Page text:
Six of them have been awarded Green Flag Awards in recent years – St Stephen’s Green, Grangegorman Military Cemetery, the Phoenix Park, the Irish National War Memorial Gardens, Iveagh Gardens and the People's Park.
One of the greatest city parks in the world and covering 1,752 acres, Phoenix Park is a treasure trove of secrets. Did you know that land speed records were once set here and Winston Churchill lived in the park as a boy?
Today you can cycle, walk, run or Segway through its acreage. Stop off to take a tour of Áras an Uachtaráin or enjoy a panoramic view of the city from Military Road (just beside the magazine fort). Say hello to the newest baby animals at Dublin Zoo, drop by the two kids’ playgrounds or sunbathe on the lush grass where you can enjoy an al fresco feast.
One of Dublin’s secret treasures the National War Memorial in Islandbridge, Dublin 8 delights visitors, especially when the roses in the sunken garden are in full bloom. This stunningly designed location on the south bank of the Liffey commemorates Irish soldiers who died in battle. It’s beautifully maintained and ablaze with colour for much of the year.
Find a shady spot by the riverside and watch rowing clubs go through their paces and meander along the cycle pathway to the quaint Chapelizod village after you've explored the park.
Sometimes called ‘Dublin’s secret park’ and located close to Stephen’s Green, Iveagh Gardens is the perfect sanctuary away from the bustle of the city. On sunny days, it’s an ideal spot for a picnic and you’ll have ample choice thanks to the cafés and sandwich bars close to the food mecca of Camden Street (just a five-minute walk away). Watch out for concerts in this unique setting and catch one if you can.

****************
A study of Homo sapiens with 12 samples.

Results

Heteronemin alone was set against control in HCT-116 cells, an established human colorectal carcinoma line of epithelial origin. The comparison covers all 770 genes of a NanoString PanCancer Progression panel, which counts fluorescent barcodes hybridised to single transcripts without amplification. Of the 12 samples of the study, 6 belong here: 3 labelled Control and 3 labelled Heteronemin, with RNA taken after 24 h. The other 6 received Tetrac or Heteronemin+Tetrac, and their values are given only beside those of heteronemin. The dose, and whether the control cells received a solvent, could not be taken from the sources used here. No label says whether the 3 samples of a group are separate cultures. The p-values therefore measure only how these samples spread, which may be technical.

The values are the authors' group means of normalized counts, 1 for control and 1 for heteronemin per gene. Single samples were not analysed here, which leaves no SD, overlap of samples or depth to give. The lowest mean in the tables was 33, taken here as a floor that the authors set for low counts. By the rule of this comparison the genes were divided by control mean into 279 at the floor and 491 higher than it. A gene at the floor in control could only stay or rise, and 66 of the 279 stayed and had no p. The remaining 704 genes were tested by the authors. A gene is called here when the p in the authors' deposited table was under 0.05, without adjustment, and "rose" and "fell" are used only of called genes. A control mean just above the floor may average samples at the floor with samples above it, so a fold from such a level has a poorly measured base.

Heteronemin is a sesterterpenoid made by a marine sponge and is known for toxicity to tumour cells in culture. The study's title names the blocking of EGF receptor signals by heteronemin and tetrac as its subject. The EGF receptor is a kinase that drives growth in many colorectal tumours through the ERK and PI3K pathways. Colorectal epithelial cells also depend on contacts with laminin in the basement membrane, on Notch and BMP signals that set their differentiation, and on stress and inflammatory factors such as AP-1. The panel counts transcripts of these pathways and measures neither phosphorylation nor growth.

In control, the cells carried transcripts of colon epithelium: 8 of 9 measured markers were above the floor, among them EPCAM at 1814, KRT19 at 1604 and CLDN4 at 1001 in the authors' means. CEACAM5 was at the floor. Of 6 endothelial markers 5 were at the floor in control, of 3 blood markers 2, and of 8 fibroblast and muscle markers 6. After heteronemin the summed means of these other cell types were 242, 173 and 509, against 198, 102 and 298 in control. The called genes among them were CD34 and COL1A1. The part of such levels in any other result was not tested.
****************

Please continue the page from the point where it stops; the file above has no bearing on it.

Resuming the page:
A family-friendly park, Herbert Park in Ballsbridge has a great kids’ playground, an all-weather pitch for children’s football and you can rent the refurbished tennis courts by the hour. Feed the ducks in the original pond built for the 1907 World Fair (held at the park). The pond was the ‘landing point’ for a massive water chute, a funfair ride that was beloved by Edwardian Dubliners. There are great dining options a few minutes away in both Ballsbridge and Donnybrook.
Visitors flock to the People’s Park in Dun Laoghaire every Sunday to experience the farmer’s market. There’s an exceptional selection of food options for brunch, lunch or dinner. Choose from paella, falafel wraps, Asian cuisine or try locally foraged nettle pesto and delights such as hand-rolled ice-cream. The views from the park across Dublin Bay to Howth Head makes dining al fresco especially lovely here. Afterwards, a walk on the East Pier and a traditional 99 ice cream cone from Teddy’s are essential to any visit.
One of the best features of Dublin’s parks is that many of them are close to the main shopping districts. The Wolfe Tone Memorial Park is just off Mary Street beside the Jervis Shopping Centre and The Church pub (formerly a Protestant church) in the north inner city.
Look out for the vintage tram carriage converted to a café and grab some lunch. There’s a Dublin Bikes stand on site so you can explore the city on two wheels. History lovers will be fascinated by the old headstones at the park’s southern perimeter.
Take a stroll in the sunshine and enjoy a visit to one or all of these parks on your visit to the capital – the only dilemma is where to go first.